You’re the presentation – not the slideshow
Q: I’ve an interview for manager of a business incubation centre. They want me to present for ten minutes on ‘What I will achieve in the first year’ – but, and here’s the rub, they have stipulated that I can’t use PowerPoint or Prezi. Zero technology. How should I approach this? (EH, email).
A: With relish, writes Liam Horan, Career Coach, Sli Nua Careers.
PowerPoint, and its flashier, younger cousin Prezi, can lead candidates off down the wrong road.
Should I change the background colour?
Is this graphic too trivial?
Does my table look big in this?
A presentation is about you, not the technology. You have the advantage here of not being allowed to use technology so, instead, you’ve simply got to focus on what matters: how you will solve their problem.
Some key points:
- Get to the point – start with impact. Don’t spend two minutes giving them a limp overview of what you’re going to tell them. Just tell them.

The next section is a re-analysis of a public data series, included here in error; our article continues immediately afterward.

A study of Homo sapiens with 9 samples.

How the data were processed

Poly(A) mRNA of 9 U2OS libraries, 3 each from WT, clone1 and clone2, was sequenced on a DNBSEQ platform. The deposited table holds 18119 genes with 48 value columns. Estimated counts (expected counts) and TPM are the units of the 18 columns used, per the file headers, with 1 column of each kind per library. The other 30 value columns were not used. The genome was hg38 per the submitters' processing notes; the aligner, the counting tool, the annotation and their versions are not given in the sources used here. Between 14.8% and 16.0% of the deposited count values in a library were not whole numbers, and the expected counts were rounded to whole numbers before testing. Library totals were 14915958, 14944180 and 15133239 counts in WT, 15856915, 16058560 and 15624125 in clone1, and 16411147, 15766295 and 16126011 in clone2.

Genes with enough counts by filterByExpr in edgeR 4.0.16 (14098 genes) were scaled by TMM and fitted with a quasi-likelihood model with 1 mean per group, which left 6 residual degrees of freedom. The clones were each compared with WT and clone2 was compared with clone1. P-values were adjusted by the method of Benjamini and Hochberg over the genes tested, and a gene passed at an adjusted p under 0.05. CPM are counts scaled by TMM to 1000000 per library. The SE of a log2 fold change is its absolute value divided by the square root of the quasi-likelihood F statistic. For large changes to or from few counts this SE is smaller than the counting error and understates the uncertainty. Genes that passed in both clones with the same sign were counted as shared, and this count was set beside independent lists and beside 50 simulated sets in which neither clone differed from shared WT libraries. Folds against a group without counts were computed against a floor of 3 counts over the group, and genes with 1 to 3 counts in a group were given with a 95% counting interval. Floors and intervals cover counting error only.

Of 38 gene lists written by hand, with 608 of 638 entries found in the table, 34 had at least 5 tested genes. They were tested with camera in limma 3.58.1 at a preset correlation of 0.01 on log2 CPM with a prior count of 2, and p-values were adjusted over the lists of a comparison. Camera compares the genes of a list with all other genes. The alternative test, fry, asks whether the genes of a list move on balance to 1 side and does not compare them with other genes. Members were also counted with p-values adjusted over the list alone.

- Have ideas for the role – concrete ideas, actual things you plan to do. Quantify them. “In three months, I will…” I find that many candidates tend to imply things when they should really be explicit.
- Don’t hide behind jargon. Tell them in plain language so they see an actual person.
- Are you obliged to use up the full ten minutes? I suspect they’ve specified a maximum of ten minutes. If you can capture their attention, and then hold it for six minutes, that might be just about right. Attention spans have shortened. I said, attention spans have shortened.
- Don’t try to cover too much. Aim to go a mile deep on a few key elements of what you want to cover, rather than going a mile wide to glance off a whole range of items.
- All the other usual ones – eye contact; if you tend to talk with your hands, don’t suppress the tendency; and remember that you are selling yourself as the right candidate for the job, not giving a consultant’s overview of the position. Sleeves up, get stuck in and bring the job to life in front of their eyes.